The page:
Dallas Cowboys team owner Jerry Jones stands on the field before an NFL football game against the Washington Redskins on Sunday, Jan. 3, 2016, in Arlington , Texas. (AP Photo/Tim Sharp)
Tim Sharp/Associated Press
Tyler ConwayFeatured Columnist IVJanuary 6, 2017

Booty, booty, booty, booty, rockin' everywhere. These words made famous by Southern hip-hop legends Bubba Sparxxx and the Ying Yang Twins, may also now be applied to describe the mindset of Dallas Cowboys owner Jerry Jones, who offered this unique take on where his team stands heading into 2016. 

"I'm looking up, on my back and all I see is ass," Jones said Tuesday of his team's position in the NFC East, per Jordan Raanan of NJ.com.

Jones' Cowboys went 4-12 this past season, dropping from first to last place in the division. Quarterback Tony Romo was limited to just four starts because of multiple shoulder injuries, wideout Dez Bryant was injured throughout his nine-game campaign and the offense fell off a cliff amid a sea of bad backup signal-callers.

Meanwhile, Jones watched as rival Washington won the division with a 9-7 record and seemingly settled on a long-term option under center in Kirk Cousins. The New York Giants and Philadelphia Eagles remain in organizational upheaval—both head coaches, Tom Coughlin and Chip Kelly, respectively, departed, and the teams haven't hired replacements—but they have talent and finished well ahead of Dallas in the final standings.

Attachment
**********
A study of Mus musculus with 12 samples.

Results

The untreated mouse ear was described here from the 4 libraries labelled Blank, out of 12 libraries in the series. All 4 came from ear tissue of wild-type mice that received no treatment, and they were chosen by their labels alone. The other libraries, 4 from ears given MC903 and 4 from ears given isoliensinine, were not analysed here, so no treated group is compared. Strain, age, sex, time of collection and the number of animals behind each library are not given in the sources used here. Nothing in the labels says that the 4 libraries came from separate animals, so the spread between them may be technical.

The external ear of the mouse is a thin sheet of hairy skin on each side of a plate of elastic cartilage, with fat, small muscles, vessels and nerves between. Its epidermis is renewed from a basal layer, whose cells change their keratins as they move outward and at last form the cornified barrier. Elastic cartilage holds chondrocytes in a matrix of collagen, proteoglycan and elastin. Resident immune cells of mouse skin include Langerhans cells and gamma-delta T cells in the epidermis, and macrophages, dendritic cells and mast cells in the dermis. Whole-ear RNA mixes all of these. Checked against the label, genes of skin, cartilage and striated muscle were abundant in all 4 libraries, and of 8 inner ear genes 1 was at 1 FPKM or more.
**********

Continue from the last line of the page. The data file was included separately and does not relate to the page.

The Cowboys have apparently decided to stick with head coach Jason Garrett and his staff going into 2016, per Jones, via the team's official site. However, Jones said he wants a different mindset from his team going forward.  

"I do see opportunity though," Jones said, per Raanan. "But I want a different view and that will ring and intertwine through every meeting, every personal visit I have with everybody involved with the Cowboys. I want to see a different look."

Despite their record, the Cowboys have every reason to be optimistic.   

Dallas was 3-1 in games started by Romo. The quarterback turns 36 in April and has a history of shoulder issues that predate 2015, but he played in at least 15 games each of the previous four seasons. The 2014 campaign also saw him put together the best all-around numbers of his career, so there's little reason to believe he's due for an age-related skill atrophy.

Bringing Bryant back at full strength will also help matters. He was limited by a foot injury whenever he was on the field and underwent successful surgery in early January to fix the problem. Given a full offseason to recover, Bryant and Romo should come back at full strength in 2016 and put Dallas back in the NFC East hunt.

Until then, though, booty will indeed be rockin' like it's 2006.

 

Follow Tyler Conway (@jtylerconway) on Twitter.